Monday, August 10, 2009

Writing to complain

In a typical day, we might write in a variety of styles, including a business email, a grocery list, a blog, or a status update on a social networking site. These all have different purposes, whether to inform, remind, or entertain. But what about adding another useful style to our repertoire—writing to complain?

I have always been a fan of the letter to the editor. I enjoy expressing my outrage at some newspaper article in a sassy and well-worded letter. I enjoy even more when it gets published. In fact, when I am a retired old lady, I plan to spend my days reading the papers and crafting witty letters to the editor (although by the time I reach retirement age, newspapers will have gone the way of the Dodo bird).

In addition to the personal satisfaction they afford me, I have recently discovered that letters of complaint can actually pay off. A while ago, I ordered a bathing suit online from a well-known retailer (one that is popular with the first lady). The suit, when it came, didn't fit correctly, and I had to send it back. For this transaction, I had to pay about $15 in shipping fees and in the end had no actual product to show for it. Instead of just getting upset, I decided to write a letter to said retailer to express my disappointment. One email exchange later, the retailer refunded $13 of my shipping costs and wrote me a nice message with the hope that I will shop in their stores again in the future.

I believe a few keys to a successful complaint letter are:
1. Be respectful.
2. Stress your status as either a first-time or long-time customer.
3. Compliment the retailer's brand or reputation (e.g. I have had good experiences in the past, have heard good things about your store from friends, or similar).
4. Express your disappointment rather than your anger.
5. Suggest possible solutions to the issue (I had simply suggested the retailer review it's shipping charges, where shipping a bathing suit cost the same as shipping a winter coat).
6. If necessary, politely threaten to never do business with the retailer again.

Have you had any successes writing a letter of complaint about a product or service? What other tips would you suggest?

5 comments:

Ima Hogg said...

My mother loves to write letters of complaints. I always have to edit them for her. I will not let her send them out with errors!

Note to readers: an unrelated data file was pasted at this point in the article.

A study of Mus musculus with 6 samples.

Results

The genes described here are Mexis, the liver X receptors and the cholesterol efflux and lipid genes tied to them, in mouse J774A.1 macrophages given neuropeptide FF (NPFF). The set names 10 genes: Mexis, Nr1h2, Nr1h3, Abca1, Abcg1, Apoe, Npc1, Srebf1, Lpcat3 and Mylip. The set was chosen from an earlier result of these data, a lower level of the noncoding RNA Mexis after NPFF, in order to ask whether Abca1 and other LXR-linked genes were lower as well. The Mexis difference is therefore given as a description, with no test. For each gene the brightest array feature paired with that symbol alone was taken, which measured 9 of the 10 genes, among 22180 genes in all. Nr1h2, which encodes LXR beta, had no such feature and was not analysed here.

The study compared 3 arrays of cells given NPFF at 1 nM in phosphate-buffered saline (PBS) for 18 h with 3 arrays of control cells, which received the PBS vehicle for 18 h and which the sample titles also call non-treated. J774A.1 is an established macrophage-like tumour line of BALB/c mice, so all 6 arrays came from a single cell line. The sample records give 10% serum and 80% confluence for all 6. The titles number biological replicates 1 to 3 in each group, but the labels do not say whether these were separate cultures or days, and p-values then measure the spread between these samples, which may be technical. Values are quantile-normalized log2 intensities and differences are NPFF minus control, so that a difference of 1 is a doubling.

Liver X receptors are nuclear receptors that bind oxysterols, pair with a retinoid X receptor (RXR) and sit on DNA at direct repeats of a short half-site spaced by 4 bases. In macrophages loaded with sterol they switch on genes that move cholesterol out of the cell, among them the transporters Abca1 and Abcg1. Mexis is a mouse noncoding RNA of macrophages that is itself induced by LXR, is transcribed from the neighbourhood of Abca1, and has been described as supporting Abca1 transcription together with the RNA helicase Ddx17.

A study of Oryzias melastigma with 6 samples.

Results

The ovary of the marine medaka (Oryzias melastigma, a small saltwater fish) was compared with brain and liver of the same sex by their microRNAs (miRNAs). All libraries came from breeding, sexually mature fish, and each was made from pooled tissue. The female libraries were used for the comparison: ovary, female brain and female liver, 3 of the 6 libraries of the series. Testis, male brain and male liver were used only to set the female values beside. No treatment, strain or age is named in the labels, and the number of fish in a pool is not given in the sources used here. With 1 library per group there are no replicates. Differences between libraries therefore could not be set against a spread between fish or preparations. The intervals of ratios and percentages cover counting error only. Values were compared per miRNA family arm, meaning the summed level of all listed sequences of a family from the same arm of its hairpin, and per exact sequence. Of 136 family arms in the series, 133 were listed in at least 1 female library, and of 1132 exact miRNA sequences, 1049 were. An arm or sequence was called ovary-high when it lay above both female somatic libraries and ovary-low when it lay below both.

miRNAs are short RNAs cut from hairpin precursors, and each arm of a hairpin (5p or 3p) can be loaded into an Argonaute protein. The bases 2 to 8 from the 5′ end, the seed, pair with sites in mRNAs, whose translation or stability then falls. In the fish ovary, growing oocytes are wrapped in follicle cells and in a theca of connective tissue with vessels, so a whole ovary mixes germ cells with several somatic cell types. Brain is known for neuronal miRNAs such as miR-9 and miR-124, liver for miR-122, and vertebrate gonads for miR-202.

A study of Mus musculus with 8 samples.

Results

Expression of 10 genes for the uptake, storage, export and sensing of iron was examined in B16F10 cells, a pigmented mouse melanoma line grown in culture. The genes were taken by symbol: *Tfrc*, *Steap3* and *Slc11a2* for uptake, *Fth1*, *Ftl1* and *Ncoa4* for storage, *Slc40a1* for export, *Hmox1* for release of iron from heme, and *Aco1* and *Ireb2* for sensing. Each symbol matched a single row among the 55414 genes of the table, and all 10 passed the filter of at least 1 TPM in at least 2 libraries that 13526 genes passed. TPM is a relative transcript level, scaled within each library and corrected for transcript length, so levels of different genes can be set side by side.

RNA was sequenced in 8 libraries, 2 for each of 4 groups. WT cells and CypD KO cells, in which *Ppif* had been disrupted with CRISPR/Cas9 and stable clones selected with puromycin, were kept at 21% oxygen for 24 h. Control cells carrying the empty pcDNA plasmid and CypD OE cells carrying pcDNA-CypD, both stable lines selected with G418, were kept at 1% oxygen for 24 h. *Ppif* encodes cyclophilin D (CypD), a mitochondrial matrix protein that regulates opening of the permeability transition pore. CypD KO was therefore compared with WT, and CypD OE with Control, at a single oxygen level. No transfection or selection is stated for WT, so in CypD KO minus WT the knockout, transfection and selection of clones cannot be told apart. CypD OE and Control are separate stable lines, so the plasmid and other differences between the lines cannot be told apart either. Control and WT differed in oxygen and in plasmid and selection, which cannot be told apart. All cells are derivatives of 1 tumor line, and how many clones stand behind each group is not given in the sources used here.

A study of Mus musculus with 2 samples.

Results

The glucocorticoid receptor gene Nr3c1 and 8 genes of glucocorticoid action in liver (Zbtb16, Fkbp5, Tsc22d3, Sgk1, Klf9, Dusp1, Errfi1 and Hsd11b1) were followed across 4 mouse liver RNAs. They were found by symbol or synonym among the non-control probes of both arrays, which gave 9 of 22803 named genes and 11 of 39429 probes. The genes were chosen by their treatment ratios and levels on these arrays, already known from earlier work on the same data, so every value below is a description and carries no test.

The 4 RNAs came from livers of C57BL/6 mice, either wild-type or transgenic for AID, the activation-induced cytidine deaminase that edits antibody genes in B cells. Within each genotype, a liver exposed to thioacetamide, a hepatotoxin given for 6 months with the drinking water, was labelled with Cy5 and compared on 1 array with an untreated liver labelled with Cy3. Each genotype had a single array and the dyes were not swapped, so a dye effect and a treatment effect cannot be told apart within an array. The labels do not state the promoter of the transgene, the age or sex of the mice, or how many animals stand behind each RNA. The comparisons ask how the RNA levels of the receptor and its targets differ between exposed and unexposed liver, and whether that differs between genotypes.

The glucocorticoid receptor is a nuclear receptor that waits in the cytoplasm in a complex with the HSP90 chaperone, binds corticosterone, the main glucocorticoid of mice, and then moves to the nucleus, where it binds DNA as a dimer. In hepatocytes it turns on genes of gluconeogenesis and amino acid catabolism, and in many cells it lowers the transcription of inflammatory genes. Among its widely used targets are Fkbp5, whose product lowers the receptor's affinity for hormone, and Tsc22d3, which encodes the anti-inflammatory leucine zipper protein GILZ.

When I begin to work at the writing center, I will probably have more things to say about your blog.

My mom always likes to throw in the fact that if the company will not resolve the issue, then she will actively tell people not to shop there. Do you think that is a good thing to do in the letter of complaint, or is that being too controlling? I think it's okay, because it's true! It is always possible to speak the harsh truth while being respectful. Well, that's what I like to believe. Who knows how I come across to some people?

Also, I have only had two hours of sleep, so I'm rambling.

Yana said...

I think it's OK to tell the company that you will tell others not to shop there. Like you said, you are just being honest. So much of business depends on word of mouth! And, yes, sending a letter with errors would probably diminish your own credibility.

Hayley said...

I find that many companies today lack the customer service of years gone by. When we do find a company that offers excellent service, perhaps we should also use our writing skills to offer letters of encouragement and praise. These work in our favor as well.

Ima Hogg said...

I have written letters to praise a company's service too. The best part about that is that they will sometimes send you coupons or free things in the mail for commenting about their customer service/products.

Zea said...

I suffer from a combination of laziness and a desire to avoid confrontation, so usually, I just grumble about things that annoy me and just move on. But you bring up many good points, and this post has inspired me to write a letter for a consumer complaint I have been contemplating and dealing with for some time.

Also, as Ima Hogg pointed out, it is good to write praise letters sometimes, too. So few people take the time to show appreciation. It is good to give people positive reinforcement. Plus, it just might result in free stuff or coupons. Good idea!